I lived with Simon Geller. I never met him, but I feel as if I know him. And maybe I do, in some ways, as well as anyone still around. For the last five months, Simon has greeted me very early every day: “WVCA Gloucester Massachusetts” has been his way of saying good morning. His voice would come floating from my studio monitors. Yet another ancient reel of tape would be spinning on the deck and from it his unique announcing style and playlist would return from the stasis of over 30 years and flow into my hard drive in incomprehensibly tiny bits. What would he say if he were here and could witness what we were doing? Would he approve of our project to bring his hard work back from the grave and give it new life on a new format he never could have imagined? He said he wanted to be forgotten.
It was well known that he left town and never looked back. Gloucester never warmed his heart. So why did he spend so many years playing his music here? Was it just a job? That’s hard to fathom. He barely scraped by, mostly on donations. Simon was a well-educated radio engineer with valuable skills. It must have been about the music. How did he come to this playlist? Anyone who has ever programmed classical music for radio knows that the pieces you choose for broadcast reflect a personal part of you. What was he trying to say through his selections? Was he really broadcasting his passion? Sharing an intimate part of himself? Speaking with an eloquence his vocally-challenged and sometimes colorful on air persona could not?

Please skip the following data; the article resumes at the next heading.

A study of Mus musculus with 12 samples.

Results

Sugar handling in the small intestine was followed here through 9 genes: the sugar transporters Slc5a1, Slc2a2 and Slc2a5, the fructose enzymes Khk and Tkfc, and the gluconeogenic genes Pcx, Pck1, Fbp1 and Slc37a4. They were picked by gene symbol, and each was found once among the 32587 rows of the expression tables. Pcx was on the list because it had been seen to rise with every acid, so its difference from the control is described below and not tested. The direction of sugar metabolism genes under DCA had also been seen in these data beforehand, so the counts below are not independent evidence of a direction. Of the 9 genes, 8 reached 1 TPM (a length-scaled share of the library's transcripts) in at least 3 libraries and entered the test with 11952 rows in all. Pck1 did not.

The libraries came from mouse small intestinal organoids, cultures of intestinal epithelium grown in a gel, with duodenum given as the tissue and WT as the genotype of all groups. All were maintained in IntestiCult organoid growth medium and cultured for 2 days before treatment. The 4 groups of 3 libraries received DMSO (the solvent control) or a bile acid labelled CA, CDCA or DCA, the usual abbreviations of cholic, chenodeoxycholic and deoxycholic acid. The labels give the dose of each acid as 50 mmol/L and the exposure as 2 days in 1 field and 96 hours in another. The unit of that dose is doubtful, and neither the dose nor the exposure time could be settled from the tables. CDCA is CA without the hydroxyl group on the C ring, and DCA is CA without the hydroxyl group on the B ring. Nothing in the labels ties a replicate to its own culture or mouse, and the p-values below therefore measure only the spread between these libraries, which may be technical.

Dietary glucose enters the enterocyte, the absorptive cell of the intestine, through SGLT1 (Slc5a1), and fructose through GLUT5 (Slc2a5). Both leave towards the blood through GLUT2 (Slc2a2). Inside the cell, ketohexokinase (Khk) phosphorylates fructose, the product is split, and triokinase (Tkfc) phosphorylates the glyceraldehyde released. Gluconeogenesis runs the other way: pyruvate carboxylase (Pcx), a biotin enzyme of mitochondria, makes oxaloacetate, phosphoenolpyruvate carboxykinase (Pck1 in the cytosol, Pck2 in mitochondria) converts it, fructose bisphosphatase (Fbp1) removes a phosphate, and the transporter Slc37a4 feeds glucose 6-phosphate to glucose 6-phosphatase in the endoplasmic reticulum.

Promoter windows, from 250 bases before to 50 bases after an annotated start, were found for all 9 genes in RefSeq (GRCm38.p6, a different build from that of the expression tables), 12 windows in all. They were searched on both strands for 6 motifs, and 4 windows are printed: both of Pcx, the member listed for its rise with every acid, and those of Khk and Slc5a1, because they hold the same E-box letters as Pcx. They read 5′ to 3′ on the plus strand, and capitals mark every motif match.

Later, I pull up the files from reel 12 that was loaded earlier in the day onto the drive. I have some tough decisions to make. The fragile 30-year-old tape has seen better days. The audio is so badly damaged on several tracks that I may have to edit them out. Simon is looking over my shoulder. How dare I mess with his selections? These tracks were there for a good reason. Maybe I should just leave them be even though the music is hard to listen to. What would Simon do? I listen to the other undamaged parts of the program. The audio is sweet and mostly free from noise or distortion. Simon took great care in this transcription. The levels. The stylus tracking. The signal to noise. All done with such attention to engineering detail. Is he telling me to sacrifice the damaged tracks? I can’t spend any more time on this with another 50 some programs yet to digitize and process. So I do what I think is best. Listeners will not appreciate music they can’t enjoy. I edit. Sorry, Simon.
After dinner I run the final product. Program 12 plays from the speakers on my computer. My two-year old grand daughter Ella comes running in from the next room. Simon says: “WVCA Gloucester Massachusetts” and announces the next piece. Ella points to the speakers and says “Simon!” The music plays. She listens. Ella knows Simon, too. I think maybe he would approve.